We all want our bikes to function at optimum condition at all times. Which is why we spend time and money in maintaining them. But what is the position if a component fails causing injury? A look at the case of Baker v KTM Sportmotorcycle UK Ltd shows how the law works.
Solicitor - Health & Injury
In November 2009 Mr Baker purchased a KTM Supermoto 990 from a dealer second hand. It had been manufactured in around March 2008. He was an experienced motorcyclist and owned 6 motorcycles. On 24 January 2010 he was riding his bike when suddenly the front brake seized. He was thrown off and suffered serious injuries. He sued the manufacturer, alleging that the accident was caused by a defect in the motorcycle, contrary to section 3(1) of the Consumer Protection Act, and / or their negligence.
An expert mechanical engineer for Mr Baker examined the bike and found the front wheel to be stiff, and markings on the disc suggestive of an imbalanced braking system. An expert from a laboratory found deposits on the brake disc assembly that the engineering expert considered to be indicative of galvanic corrosion, and not road salt causing corrosion. He further concluded that system did not appear to have sufficient protection from galvanic corrosion. KTM’s engineer expert examined the bike some 3 years later, finding no stiffness, an absence of corrosion and concluded that the brakes failed due to a failure in maintenance.
At the trial a lay witness appeared for Mr Baker who had experienced a similar incident with a KTM bike. KTM called a witness from the design department of Brembo, who had supplied the brake assembly.
The Consumer Protection Act provides that there is a defect if “the safety of the product is not such as persons generally are entitled to expect”. In determining that, all the circumstances are considered. In Mr Baker’s case, guidance was provided by an earlier case of Ide v ATB Sales Ltd, which concerned an injury to a mountain bike rider, and the issue in that case of whether the fracture to the handlebar occurred because the handlebar was defective or whether it fractured when the rider fell from his bike. In Ide, the Judge found that the handlebar was defective and had fractured instantaneously and, crucially, not as a result of the fall.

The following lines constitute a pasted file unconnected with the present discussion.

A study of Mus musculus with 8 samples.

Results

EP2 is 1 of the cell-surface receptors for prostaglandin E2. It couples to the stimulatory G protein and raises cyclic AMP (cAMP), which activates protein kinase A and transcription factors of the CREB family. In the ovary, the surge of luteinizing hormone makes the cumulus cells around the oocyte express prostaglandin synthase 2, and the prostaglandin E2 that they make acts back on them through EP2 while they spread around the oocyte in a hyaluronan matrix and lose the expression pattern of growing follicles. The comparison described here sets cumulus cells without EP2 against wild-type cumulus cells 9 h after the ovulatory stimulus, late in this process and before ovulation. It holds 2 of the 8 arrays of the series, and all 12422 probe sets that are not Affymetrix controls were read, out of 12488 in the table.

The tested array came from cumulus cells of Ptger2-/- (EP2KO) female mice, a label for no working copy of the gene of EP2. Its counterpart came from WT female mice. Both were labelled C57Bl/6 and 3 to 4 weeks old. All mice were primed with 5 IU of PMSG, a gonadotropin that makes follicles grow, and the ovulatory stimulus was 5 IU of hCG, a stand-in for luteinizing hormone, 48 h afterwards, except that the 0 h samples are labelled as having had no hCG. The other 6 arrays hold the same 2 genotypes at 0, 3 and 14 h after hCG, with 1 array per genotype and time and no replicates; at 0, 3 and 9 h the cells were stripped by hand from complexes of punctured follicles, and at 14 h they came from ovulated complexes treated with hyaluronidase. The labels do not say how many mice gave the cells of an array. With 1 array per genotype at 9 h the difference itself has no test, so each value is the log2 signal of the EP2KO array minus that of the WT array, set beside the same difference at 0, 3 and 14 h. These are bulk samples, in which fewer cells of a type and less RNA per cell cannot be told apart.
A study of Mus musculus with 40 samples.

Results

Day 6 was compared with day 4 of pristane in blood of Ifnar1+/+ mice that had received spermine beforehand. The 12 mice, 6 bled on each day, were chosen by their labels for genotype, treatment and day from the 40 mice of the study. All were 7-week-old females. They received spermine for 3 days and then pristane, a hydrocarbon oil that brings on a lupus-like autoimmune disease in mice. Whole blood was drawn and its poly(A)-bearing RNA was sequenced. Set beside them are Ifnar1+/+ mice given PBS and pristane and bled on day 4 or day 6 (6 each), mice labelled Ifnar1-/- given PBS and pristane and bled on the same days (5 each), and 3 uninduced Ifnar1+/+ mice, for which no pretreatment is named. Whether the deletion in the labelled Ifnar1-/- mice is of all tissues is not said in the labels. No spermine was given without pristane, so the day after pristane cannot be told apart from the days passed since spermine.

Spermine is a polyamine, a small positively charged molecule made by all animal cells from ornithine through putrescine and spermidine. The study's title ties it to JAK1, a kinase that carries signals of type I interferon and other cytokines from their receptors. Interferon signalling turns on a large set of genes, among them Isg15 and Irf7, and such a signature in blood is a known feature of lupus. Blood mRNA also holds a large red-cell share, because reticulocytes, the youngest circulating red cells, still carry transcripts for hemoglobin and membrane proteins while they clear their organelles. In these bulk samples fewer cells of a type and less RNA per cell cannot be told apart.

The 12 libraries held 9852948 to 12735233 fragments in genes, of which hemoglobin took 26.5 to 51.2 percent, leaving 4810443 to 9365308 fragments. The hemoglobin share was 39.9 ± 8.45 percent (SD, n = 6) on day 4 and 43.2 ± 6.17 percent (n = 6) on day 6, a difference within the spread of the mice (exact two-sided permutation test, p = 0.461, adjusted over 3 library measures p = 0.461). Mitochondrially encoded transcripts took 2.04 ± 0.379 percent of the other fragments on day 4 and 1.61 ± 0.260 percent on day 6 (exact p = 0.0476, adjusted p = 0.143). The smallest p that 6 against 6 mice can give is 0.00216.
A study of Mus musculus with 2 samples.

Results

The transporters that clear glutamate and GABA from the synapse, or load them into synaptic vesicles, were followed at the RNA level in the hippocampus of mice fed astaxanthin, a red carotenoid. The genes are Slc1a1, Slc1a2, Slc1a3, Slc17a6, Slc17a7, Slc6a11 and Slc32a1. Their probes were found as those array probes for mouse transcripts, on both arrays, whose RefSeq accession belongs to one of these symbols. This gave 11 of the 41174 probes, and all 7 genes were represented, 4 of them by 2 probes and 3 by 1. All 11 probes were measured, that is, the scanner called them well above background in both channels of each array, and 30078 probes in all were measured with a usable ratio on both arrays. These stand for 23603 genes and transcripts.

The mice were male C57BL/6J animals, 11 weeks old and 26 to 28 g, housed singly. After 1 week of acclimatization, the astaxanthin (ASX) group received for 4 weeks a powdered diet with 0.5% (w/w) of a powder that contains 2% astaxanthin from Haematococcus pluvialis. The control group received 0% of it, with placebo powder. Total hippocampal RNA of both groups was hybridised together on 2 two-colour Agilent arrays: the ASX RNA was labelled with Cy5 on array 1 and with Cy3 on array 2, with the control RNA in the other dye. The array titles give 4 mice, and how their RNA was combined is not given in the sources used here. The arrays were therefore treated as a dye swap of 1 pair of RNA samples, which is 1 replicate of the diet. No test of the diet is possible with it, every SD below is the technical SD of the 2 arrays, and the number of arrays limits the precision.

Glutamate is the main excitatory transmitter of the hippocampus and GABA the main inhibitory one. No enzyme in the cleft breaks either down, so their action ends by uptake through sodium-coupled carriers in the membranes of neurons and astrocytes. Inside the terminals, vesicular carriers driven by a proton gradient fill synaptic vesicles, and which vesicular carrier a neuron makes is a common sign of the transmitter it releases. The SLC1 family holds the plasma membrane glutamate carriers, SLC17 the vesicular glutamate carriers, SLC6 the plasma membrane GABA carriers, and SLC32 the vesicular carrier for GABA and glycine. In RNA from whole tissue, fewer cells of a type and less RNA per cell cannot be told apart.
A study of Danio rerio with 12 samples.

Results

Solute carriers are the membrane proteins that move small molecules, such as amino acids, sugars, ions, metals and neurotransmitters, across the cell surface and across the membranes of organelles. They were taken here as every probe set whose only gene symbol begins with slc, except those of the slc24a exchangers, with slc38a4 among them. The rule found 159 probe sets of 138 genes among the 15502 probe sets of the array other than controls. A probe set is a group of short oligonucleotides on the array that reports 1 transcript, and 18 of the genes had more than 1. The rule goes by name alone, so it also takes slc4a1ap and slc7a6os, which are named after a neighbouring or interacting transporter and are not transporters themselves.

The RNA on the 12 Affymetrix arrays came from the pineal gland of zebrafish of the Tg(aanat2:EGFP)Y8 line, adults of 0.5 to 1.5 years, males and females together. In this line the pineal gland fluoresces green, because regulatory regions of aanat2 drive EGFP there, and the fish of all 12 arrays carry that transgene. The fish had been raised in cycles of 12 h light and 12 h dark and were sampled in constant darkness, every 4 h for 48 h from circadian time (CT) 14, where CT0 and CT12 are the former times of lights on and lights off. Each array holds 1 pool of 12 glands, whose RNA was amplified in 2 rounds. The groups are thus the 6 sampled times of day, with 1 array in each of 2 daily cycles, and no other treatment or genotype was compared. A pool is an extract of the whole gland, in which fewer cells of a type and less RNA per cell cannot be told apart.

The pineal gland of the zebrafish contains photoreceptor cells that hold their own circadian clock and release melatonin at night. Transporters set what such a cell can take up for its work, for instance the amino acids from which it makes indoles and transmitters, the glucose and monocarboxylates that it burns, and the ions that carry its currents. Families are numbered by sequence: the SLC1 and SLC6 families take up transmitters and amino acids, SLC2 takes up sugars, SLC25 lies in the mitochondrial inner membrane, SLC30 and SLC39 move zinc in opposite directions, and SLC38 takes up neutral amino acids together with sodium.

A Successful Outcome
At the trial the Judge found that that the cause of the seizing of the brakes was galvanic corrosion which had happened “as a result of a design defect combined with faulty construction or the use of inappropriate or faulty materials” which “was the probable cause of the brakes seizing.” Further, that the “defects in the braking system” meant that “the safety in the braking system” on the bike was “not such as persons generally are entitled to expect” they were defects within the Act and that they caused the accident and resulting injuries to Mr Baker. Mr Baker’s claim was successful.
This article was originally published in the December 2019 issue of South East Biker Magazine.